Pro-govt civil society criticises govt, accuses opposition of inciting violence

A group of civil society activists who were instrumental in bringing the current administration to power in 2015 yesterday (21) criticised the United National Front (UNF)-led Government for its inability to prevent the Easter attacks, while also berating the main Opposition for its alleged role in inciting communal violence.

Organised by the Civil Society and Trade Unions Collective, speakers at the event included such vociferous critics of the Rajapaksas as Ven. Dambara Amila Thero, Dr. Chandraguptha Thenuwara, National Peace Council Executive Director Jehan Perera, NSSP leader Vickramabahu Karunaratne and Centre for Policy Alternatives Executive Director Dr. Paikiasothy Saravanamuttu.

Conceding that civil society does have legitimate criticisms of the Government, Dr. Thenuwara said it has no confidence in the no-confidence motions filed against both MP Rishad Bathidueen and the entire Government.

“The Government is acting like it has no power. If there is no power, obtain it. This is what Prime Minister Ranil Wickremesinghe doesn’t seem to understand,” he said, charging that Wickremesinghe aims to “please everyone”.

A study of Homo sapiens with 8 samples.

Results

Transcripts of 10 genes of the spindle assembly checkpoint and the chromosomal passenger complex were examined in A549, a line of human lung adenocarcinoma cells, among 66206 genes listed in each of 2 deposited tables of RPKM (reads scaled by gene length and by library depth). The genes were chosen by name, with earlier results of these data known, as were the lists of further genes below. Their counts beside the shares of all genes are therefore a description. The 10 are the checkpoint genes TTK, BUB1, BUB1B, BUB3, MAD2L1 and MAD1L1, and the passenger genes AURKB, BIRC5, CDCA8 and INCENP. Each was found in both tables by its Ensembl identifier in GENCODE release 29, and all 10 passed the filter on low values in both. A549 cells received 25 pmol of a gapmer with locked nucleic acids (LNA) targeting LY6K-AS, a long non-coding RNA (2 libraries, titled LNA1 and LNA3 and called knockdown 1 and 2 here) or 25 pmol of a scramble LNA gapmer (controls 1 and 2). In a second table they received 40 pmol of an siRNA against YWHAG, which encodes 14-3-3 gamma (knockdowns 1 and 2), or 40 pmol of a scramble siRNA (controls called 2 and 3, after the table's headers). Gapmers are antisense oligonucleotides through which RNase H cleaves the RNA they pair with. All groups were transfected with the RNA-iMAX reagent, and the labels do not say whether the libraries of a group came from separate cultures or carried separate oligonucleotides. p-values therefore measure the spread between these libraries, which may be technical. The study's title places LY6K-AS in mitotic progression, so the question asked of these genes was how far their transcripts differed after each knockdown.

Puravasi Balaya convenor Saman Rathnapriya recalled that, pre-1983, the Liberation Tigers of Tamil Elam (LTTE) had a handful of members, whose membership grew by leaps and bounds following the communal violence that erupted in the south in July that year.

In a fiery speech, Rathnapriya accused the Sri Lanka Podujana Party of playing politics with the attacks. He also alleged that the previous Government, on the orders of the then defence secretary had secured the release of Easter bombings mastermind Zahran Hisham when he had been arrested for a previous episode.

Ven. Amila Thero, meanwhile, espousing the importance of coexistence, said boycotting Muslim owned businesses does not make sense in a largely capitalist economy such as Sri Lanka’s where ethnic divisions don’t or at least shouldn’t affect the bottomline.

The end result is that the economy as a whole would be affected, he said.

The monk, who is a lecturer of archeology at the Sri Jayawardenapura University, also noted the futility of what he called forced coexistence where religious minorities feel compelled to participate in the rituals of the majority religion for fear of being labelled unpatriotic.

“There is no need to hide your identity for a false sense of coexistence,” he said.